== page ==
The Pound Ridge Planning Board at its Sept. 25 meeting.
The Pound Ridge Planning Board at its Sept. 25 meeting. Photo Credit: Tom Auchterlonie
A photo of a preliminary rendering for Ridge 29.
A photo of a preliminary rendering for Ridge 29. Photo Credit: Tom Auchterlonie
A photo of a proposed site plan for Ridge 29.
A photo of a proposed site plan for Ridge 29. Photo Credit: Tom Auchterlonie

POUND RIDGE, N.Y. -- Getting their first chance to give feedback on the Ridge 29 housing proposal since receiving a referral from the Town Board for advisory input , members of the Pound Ridge Planning Board had questions about topics ranging from spacing to density.

The board members raised questions at their Sept. 25 meeting following a presentation from Anthony Sblendorio, a principal with applicant Ridge 29, LLC, along with other representatives.

The proposal calls for building 44 housing units on a roughly 29.1-acre parcel near Scotts Corners, along with 132 parking spaces. Twenty-two of those parking spaces, however, would be land-banked for future use.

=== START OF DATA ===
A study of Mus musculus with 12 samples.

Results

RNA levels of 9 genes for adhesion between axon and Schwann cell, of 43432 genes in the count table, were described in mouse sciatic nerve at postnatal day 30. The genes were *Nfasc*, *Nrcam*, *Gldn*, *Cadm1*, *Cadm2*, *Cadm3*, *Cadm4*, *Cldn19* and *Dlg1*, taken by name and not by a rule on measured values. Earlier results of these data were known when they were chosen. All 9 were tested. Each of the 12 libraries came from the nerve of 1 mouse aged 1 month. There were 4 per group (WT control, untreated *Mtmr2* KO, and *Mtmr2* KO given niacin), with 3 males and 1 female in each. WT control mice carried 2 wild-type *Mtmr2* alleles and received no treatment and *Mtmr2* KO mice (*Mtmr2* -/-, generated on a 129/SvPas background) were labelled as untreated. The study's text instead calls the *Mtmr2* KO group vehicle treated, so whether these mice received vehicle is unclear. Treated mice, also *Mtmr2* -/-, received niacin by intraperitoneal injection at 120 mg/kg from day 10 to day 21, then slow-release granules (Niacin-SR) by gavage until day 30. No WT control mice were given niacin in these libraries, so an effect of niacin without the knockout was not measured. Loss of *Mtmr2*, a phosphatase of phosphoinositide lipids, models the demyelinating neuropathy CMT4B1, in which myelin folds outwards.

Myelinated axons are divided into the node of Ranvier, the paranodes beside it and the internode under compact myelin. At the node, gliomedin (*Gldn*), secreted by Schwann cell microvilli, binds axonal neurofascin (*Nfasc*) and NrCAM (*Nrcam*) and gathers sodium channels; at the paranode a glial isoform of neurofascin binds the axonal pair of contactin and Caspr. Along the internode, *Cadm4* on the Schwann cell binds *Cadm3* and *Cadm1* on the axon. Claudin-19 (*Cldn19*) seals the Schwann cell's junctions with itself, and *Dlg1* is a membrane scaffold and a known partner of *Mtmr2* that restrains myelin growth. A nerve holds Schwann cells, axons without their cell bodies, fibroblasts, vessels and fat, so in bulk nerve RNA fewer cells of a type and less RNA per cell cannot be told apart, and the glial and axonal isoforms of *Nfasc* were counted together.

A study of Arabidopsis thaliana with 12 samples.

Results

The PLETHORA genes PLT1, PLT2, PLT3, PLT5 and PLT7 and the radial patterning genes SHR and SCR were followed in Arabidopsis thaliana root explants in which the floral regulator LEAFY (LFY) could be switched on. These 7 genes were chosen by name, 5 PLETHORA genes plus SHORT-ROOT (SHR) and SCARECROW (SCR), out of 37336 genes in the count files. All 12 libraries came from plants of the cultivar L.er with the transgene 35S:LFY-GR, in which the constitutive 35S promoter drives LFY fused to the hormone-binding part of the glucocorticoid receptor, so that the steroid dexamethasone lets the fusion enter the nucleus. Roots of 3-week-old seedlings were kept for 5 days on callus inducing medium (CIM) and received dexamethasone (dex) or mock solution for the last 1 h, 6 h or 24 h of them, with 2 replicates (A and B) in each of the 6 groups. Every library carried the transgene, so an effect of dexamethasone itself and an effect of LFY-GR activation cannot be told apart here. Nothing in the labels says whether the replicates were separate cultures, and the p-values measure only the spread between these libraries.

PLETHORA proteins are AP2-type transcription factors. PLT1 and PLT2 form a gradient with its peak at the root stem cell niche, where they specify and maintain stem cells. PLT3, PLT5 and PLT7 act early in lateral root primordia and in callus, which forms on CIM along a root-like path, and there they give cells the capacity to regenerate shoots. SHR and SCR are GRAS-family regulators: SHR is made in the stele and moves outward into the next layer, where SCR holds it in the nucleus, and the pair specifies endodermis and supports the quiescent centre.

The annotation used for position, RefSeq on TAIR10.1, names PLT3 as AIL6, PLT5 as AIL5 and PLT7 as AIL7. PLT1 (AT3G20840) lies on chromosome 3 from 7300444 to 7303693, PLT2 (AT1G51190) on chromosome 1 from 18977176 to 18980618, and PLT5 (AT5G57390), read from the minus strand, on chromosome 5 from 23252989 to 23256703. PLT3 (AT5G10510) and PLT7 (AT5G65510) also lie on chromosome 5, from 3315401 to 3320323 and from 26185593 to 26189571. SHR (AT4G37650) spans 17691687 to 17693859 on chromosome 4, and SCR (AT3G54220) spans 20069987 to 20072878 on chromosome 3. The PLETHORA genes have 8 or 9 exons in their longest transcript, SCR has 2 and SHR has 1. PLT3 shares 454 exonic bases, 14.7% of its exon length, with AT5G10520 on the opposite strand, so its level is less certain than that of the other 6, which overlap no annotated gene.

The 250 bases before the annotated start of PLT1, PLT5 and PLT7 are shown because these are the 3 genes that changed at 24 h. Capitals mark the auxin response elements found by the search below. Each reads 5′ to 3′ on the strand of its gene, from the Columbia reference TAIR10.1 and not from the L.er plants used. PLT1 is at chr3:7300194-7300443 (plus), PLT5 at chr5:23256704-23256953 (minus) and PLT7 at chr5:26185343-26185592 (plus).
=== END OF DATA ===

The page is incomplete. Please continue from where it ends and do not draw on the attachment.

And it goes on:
A town consultant questioned having common green areas as the areas designated for the land-banking and asked whether they could be moved.

Board Chairman Clayton Fowler got into the early nature of the process.

“I don’t think anything needs to be taken as gospel here," he said.

Fowler also called the plan's solutions to site development “creative and forward looking.” However, he suggested that density “needs to be looked at.”

The proposal involves a constructed wetland method for septic treatment, which would need to be approved by the Westchester County Department of Health. Previous Daily Voice coverage of that aspect is available here.

Board member Steven Kushner noted that issues like community character haven't been dealt with.

Board member Michele Rudolph addressed a waiver being sought for a 100-foot buffer requirement so that the plan could have a 50-foot one. Sblendorio acknowledged that there could be compliance with 100 feet but added that it would mean shifting the project further down and hill and having more soil disturbance.

Kushner, addressing the buffer, brought up another option, which is that you lose units.”

The Planning Board will revisit the application at its October meeting, it was disclosed. The proposal needs a special permit from the Town Board and site plan approval from the Planning Board, it was previously noted.